Fundamentals of Multifamily Look Promising: CoStar Webinar
- Aug 05, 2010
Dees Stribling, Contributing Editor
Chicago–“It’s been a great six months for apartment market fundamentals,” Jay Spivey, senior director of analytics at CoStar, said at the company sponsored webinar titled “The State of the U.S. Multi-Family Market: Mid-Year 2010 Review & Forecast,” held this week.
“Vacancies fell in the largest markets 30 basis points in the first six months of 2010,” he noted, adding that “during the calendar year 2009, there was negative demand for apartments and it was the single-worst year for absorption of apartments since 1982. This year, we’ve seen positive absorption.”
Moreover, Spivey said, some of the hardest-hit residential markets have seen the strongest demand for apartments in the first half of this year. “Why? Homeownership is back to 1999 levels, for one thing, and those looking to buy a house are finding tighter underwriting standards for mortgages,” he noted.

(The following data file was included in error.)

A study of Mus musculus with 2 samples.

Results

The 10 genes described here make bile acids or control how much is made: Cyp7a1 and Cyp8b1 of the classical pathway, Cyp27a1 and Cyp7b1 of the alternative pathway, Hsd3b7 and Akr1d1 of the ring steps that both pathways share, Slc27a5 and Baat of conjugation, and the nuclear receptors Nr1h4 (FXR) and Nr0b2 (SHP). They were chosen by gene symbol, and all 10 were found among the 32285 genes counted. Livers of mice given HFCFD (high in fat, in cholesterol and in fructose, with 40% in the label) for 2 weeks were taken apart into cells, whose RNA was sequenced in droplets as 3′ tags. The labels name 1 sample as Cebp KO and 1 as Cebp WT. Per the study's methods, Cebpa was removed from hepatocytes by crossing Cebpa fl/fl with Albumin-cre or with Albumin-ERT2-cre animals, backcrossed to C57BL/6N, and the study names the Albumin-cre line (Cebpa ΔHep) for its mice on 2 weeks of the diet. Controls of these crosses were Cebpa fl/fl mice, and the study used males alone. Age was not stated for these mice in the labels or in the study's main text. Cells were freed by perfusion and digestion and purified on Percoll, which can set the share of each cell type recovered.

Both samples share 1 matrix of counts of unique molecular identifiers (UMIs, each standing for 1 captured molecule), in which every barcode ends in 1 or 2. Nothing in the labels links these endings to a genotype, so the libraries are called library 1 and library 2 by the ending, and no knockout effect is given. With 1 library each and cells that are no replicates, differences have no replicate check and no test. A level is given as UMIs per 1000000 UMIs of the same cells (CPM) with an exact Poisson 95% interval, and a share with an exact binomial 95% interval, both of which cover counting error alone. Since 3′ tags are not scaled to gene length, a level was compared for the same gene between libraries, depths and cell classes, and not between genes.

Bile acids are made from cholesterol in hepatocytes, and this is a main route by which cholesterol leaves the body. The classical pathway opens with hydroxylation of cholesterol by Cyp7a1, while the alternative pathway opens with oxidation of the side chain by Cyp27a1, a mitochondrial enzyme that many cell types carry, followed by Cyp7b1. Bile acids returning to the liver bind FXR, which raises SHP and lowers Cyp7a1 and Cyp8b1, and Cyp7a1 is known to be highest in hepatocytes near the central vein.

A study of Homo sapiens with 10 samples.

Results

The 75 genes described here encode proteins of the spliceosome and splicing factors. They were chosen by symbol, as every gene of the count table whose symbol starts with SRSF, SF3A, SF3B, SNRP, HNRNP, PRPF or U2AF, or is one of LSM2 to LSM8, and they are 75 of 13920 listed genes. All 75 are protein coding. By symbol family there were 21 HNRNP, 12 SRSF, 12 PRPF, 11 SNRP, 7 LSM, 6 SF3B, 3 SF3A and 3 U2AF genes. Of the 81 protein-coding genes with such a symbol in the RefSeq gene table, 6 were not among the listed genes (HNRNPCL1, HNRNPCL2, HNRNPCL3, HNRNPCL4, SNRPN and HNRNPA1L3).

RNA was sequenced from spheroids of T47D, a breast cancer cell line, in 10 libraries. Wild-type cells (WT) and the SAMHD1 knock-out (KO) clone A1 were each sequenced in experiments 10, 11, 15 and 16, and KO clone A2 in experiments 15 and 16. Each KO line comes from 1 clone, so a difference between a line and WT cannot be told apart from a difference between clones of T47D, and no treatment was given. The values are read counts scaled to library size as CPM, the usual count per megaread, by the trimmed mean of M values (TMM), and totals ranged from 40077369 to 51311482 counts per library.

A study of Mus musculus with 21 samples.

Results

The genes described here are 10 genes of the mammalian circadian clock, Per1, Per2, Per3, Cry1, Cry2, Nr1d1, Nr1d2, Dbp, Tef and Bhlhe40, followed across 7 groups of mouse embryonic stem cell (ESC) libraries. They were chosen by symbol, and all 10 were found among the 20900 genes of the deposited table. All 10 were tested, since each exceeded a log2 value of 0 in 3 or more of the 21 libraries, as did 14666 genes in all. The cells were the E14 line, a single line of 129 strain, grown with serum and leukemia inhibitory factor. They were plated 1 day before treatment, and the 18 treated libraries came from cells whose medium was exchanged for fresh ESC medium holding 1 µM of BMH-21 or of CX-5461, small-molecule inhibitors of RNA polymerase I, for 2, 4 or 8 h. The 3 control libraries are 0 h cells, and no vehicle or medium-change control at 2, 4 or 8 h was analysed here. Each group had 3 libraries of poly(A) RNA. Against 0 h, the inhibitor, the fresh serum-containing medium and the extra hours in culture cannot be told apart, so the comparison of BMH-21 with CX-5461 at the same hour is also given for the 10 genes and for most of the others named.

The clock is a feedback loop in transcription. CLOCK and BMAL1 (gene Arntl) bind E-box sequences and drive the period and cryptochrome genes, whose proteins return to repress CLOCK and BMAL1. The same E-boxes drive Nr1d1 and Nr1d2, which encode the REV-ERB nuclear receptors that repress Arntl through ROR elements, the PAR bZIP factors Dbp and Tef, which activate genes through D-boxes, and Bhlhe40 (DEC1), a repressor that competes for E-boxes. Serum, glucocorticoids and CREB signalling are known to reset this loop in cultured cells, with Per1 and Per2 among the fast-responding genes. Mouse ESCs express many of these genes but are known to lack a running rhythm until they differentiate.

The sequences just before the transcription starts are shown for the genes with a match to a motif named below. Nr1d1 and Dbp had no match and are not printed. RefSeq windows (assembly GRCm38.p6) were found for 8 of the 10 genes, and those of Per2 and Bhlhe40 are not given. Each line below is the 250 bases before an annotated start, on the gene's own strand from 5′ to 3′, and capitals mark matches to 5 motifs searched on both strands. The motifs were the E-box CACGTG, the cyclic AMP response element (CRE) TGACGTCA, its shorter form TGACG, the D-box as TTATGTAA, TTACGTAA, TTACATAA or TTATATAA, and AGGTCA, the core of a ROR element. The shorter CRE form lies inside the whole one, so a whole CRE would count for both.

“The home ownership rate has fallen, and what’s bad for single-family has been good for multifamily,” said Norm Miller, vice president of analytics, another participant in the webinar, along with CoStar global strategist Michael Cohen. “Each percent represents 1.15 million households, so we’ve seen about 3.5 million households go from ownership to the rental market. ”
U.S. households are also being formed because job creation is under way. Job creation might not be fast enough to make the country feel better about the economy, but it is fast enough to allow many of those new job holders to seek out their own places to live. “The economy has created 900,000 jobs in the last six months, 600,000 of those in the private sector,” said Spivey. “That’s driving household formation.”
There are psychological factors at work in increasing demand, too. “Some people are plain sick of living with their families, and are moving out if at all possible,” said Spivey.
On the supply side, not much is being built, the webinar participants explained–another factor that bodes well for the apartment industry. “It’s an even better picture when you add normal rental market growth, especially in light of the very small supply of new product,” said Miller.